Jeff Sessions Orders a Review of Hezbollah Drug Trade Handling, Department of Justice Says

U.S. Attorney General Jeff Sessions holds a news conference at the Department of Justice. Chip Somodevilla/Getty Images

On Friday, Attorney General Jeff Sessions ordered the Department of Justice to conduct a review of the handling of Project Cassandra—a law enforcement campaign that sought to target drug trafficking and other criminal activities from terrorist group Hezbollah—following a report that revealed how the Obama administration seemingly derailed the DEA-led task in order to secure a nuclear deal with Iran.

"Protecting our citizens from terrorist organizations and combatting the devastating drug crisis gripping our nation are two of the Justice Department's top priorities," Sessions said in a statement. "Operations designed to investigate and prosecute terrorist organizations that are also fueling that drug crisis must be paramount in this administration."

The announcement comes on the heels of an explosive report from Politico, which explained how the Islamist militant group became a major cocaine trafficker for the United States. Launched in 2008, Project Cassandra found that Hezbollah raked in $1 billion a year from money laundering, criminal activities, and drug and weapons trade. But as the project began to reach into the "hierarchy of the conspiracy," Obama officials "delayed, hindered or rejected" approvals for arrests, financial sanctions and other investigations, according to the exposé.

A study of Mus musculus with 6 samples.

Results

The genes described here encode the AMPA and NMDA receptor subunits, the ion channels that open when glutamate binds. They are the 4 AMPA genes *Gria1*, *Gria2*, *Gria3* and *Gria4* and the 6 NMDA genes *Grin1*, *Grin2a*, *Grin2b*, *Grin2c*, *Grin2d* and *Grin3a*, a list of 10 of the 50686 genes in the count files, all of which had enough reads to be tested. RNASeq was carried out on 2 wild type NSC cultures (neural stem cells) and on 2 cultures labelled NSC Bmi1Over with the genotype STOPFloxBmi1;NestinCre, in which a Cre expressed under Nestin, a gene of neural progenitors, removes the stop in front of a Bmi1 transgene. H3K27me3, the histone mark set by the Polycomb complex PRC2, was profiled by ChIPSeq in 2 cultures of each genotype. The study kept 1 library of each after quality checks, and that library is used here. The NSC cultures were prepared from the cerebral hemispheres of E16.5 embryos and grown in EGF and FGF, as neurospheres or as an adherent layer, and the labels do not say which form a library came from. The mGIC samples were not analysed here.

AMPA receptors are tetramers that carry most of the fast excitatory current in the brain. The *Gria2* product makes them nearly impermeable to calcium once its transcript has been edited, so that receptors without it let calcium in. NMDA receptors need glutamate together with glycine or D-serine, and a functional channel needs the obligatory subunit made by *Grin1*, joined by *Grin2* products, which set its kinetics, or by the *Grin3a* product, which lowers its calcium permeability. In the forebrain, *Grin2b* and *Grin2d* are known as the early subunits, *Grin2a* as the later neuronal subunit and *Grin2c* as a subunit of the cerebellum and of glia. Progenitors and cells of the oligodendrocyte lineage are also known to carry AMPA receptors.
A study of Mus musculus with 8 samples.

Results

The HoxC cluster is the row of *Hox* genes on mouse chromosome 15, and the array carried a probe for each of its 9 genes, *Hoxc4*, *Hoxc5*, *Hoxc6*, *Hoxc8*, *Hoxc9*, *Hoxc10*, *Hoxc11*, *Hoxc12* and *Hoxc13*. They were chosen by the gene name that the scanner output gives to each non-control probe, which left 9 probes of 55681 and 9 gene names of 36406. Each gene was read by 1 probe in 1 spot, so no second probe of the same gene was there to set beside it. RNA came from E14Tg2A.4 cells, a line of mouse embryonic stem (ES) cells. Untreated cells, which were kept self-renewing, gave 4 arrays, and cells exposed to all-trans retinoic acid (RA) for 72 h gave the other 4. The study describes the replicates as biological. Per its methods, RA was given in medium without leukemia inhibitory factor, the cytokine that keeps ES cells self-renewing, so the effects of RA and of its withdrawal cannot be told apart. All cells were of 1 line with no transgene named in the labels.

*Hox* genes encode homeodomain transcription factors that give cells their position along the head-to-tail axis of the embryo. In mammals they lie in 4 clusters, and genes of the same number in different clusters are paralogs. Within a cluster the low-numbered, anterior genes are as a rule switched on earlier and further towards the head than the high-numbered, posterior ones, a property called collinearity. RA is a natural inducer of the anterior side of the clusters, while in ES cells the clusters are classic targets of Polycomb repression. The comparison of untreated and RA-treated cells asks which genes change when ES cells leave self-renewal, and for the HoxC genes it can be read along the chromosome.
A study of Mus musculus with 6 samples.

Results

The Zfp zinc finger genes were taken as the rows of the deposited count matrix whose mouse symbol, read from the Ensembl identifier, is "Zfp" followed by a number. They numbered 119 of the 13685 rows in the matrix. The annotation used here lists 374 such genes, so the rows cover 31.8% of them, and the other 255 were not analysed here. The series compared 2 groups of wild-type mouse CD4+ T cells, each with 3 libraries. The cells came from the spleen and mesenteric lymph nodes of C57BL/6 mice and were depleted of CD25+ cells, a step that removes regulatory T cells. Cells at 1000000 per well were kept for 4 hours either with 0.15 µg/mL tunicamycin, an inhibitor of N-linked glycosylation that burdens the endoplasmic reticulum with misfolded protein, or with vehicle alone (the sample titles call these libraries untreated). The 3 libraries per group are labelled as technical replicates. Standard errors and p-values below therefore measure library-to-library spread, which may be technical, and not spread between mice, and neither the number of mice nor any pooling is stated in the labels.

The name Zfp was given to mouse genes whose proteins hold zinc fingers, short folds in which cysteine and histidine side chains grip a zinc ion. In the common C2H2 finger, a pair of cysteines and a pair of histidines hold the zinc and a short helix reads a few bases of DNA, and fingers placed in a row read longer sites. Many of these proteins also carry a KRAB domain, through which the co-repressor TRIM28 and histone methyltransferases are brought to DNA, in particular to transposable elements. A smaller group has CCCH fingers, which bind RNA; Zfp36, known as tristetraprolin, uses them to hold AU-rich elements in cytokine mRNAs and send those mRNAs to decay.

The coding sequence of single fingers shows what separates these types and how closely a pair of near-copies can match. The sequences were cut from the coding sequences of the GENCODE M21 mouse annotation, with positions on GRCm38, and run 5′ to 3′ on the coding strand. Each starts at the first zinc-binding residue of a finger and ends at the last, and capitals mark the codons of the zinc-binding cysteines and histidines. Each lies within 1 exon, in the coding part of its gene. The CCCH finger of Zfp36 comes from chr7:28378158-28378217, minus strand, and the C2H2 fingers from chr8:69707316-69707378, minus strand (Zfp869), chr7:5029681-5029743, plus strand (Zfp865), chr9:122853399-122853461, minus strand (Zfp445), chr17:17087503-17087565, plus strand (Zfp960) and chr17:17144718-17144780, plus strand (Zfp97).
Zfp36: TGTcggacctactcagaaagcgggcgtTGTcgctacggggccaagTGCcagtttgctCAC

"While I'm hopeful that there were no barriers constructed by the last administration to allowing DEA agents to fully bring all appropriate cases under Project Cassandra, this is a significant issue for the protection of Americans." Sessions said. "We will review these matters and give full support to investigations of violent drug trafficking organizations."

The Politico report prompted criticism from Obama-era officials. Former National Security Council spokesman Ned Price said that "the narrative presented in this report in no way resembles reality … To the contrary, we aggressively countered Hezbollah's terrorist plotting and other malign activities before and after the Iran deal…"

Former Treasury and CIA official David Cohen added that he "served as the deputy director of the CIA from February 2015 through January 2017. In all that time, I never once heard anyone suggest we should back off on Hezbollah or anyone associated with Hezbollah," according to The Washington Post.

Brian O'Toole, former OFAC senior advisor, started a Twitter thread by saying: "This is a disgusting hit job by both the cabal of people with this agenda and by the reporter who paid lip service to the criticisms of this group but ultimately chased a headline over evaluating the veracity of the story."

Project Cassandra recruited agents who worked at a top-secret DEA facility in Virginia to track cocaine shipments from Latin America to West Africa and on to Europe and the Middle East, as well as through Venezuela and Mexico to the United States, Politico found.